When you meet Tristan Love, assistant principal at HISD’s Secondary DAEP campus, you first notice how polite and smartly dressed he is – wearing a light gray suit, pink bowtie, and polished shoes. He has a sparkle in his eye and a smile for everyone. It’s a far cry from his former life as a gang member.
Love’s politeness and respect extend to his students at the school, who are among the most behaviorally challenged students in HISD. They all have been sent to Secondary DAEP from their home campuses, many of them gang members. But this doesn’t faze Love. He’s living proof that coming from poverty, a broken home, being a gang member, and living a life of violence doesn’t mean you can’t have a bright future.
“I tell my students, my job is to serve you,” Love said. “If I hadn’t run into the caring adults I did when I was younger, I don’t really know where I’d be.”
In his case, those caring adults took him under their wings and helped him realize his potential. In Love’s time as a student at Booker T. Washington High School, teachers and mentors gave him the support he needed to be accepted into his dream school (Morehouse College) and receive a full ride to another (Wiley College). Even when Love’s house burned down, they made sure he kept attending school and pursuing his dreams.
“That school wrapped their arms around me and my father,” he said. “It was life-changing to have so many caring adults in my life.”
Communities in Schools sent Love to a student conference in Minnesota, where he met longtime HISD school volunteer and mentor Pat Rosenberg. She promised to follow up with him back in Houston, and she did. They instantly formed a connection. She bought him a phone so she could keep in touch with him. She made sure he filled out his college applications. She never stopped encouraging him.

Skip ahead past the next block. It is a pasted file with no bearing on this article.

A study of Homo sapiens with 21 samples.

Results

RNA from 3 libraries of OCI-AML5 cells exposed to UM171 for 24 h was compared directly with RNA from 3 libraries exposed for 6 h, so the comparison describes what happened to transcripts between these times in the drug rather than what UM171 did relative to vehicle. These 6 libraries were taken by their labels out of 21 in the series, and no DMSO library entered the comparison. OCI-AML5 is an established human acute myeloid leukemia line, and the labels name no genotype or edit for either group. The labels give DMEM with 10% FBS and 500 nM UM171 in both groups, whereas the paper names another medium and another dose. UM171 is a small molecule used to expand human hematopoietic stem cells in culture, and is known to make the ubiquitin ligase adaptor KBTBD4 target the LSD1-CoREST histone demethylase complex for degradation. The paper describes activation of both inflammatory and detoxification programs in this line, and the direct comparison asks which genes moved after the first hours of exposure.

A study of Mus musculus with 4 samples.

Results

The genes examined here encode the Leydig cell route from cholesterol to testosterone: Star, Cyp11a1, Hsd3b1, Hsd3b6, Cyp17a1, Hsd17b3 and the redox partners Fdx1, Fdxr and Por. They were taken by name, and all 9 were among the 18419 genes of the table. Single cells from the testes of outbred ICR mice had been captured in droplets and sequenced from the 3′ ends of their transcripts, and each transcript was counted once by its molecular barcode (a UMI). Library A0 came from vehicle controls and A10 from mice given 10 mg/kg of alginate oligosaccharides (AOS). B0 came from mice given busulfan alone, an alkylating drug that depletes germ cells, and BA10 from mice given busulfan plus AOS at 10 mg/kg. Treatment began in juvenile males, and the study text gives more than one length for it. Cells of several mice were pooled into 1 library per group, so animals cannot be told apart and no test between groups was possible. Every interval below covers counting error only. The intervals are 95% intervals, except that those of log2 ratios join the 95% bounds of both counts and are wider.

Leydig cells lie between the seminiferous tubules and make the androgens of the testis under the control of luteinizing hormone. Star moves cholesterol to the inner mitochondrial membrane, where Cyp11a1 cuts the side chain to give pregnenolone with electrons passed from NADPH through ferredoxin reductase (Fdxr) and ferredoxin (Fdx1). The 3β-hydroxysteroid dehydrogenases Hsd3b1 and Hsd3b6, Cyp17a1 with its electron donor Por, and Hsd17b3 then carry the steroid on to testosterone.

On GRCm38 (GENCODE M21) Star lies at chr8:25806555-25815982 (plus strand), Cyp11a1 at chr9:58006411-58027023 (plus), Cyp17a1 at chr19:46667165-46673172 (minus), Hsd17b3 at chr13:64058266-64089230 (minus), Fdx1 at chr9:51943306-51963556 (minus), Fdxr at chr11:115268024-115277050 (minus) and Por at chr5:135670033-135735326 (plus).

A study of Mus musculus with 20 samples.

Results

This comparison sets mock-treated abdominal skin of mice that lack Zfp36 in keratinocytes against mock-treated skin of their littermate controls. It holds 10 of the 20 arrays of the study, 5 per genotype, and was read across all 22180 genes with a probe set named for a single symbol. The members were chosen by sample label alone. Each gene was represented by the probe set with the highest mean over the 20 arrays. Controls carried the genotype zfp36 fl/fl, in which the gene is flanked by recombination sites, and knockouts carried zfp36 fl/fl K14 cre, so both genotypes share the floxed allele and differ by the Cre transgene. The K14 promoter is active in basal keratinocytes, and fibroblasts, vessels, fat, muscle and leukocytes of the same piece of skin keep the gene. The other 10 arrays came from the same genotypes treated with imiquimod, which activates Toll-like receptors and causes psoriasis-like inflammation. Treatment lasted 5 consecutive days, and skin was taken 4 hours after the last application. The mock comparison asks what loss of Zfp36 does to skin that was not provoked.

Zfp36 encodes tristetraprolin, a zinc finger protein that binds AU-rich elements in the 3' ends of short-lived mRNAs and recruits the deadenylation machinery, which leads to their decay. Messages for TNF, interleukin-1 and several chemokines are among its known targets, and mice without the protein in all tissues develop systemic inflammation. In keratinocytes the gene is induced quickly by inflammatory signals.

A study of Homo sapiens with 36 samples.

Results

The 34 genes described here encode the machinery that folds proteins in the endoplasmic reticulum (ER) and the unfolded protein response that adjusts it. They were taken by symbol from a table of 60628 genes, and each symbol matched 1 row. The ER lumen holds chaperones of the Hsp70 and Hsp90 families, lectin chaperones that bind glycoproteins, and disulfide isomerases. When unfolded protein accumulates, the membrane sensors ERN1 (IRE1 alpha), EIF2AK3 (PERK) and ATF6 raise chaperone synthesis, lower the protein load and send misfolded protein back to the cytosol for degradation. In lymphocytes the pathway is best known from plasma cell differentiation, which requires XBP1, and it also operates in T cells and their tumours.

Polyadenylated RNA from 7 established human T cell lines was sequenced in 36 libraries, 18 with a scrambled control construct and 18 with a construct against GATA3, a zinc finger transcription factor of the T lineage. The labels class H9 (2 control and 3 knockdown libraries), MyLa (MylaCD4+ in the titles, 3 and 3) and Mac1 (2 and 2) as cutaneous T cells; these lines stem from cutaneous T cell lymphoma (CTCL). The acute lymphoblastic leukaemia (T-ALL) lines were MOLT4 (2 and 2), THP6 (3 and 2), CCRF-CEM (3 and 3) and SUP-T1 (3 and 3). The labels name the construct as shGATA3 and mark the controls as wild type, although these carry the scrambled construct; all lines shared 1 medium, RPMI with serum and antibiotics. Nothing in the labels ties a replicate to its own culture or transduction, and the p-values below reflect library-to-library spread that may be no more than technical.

“We just jelled. She saw things in me that other adults saw, but she wanted to put all of the resources together to make sure whatever I should become, I could become it,” he said. “She became my mentor.”
Love accepted the full ride to Wiley College, where he flourished, becoming debate team captain, a member of Kappa Alpha Psi, and student body president. Upon graduating, he gravitated toward teaching at Sam Houston MSTC through Teach for America. Then he became the youngest assistant principal in HISD at Sam Houston before moving into the same position at the Secondary DAEP campus when it opened.
Starting its own Secondary DAEP schools has allowed HISD to align academic and behavioral interventions among campuses. The school also supports the district’s efforts to ban suspensions and expulsions of elementary students. In 2016, HISD became the first school district in Texas to ban suspensions of young students.
“Anything you can imagine that the district is facing in terms of disciplinary problems, we get it right here at this campus,” Love said. “If I were to see a lost kid, I would try to be that light and that guidance. I would become that mentor.”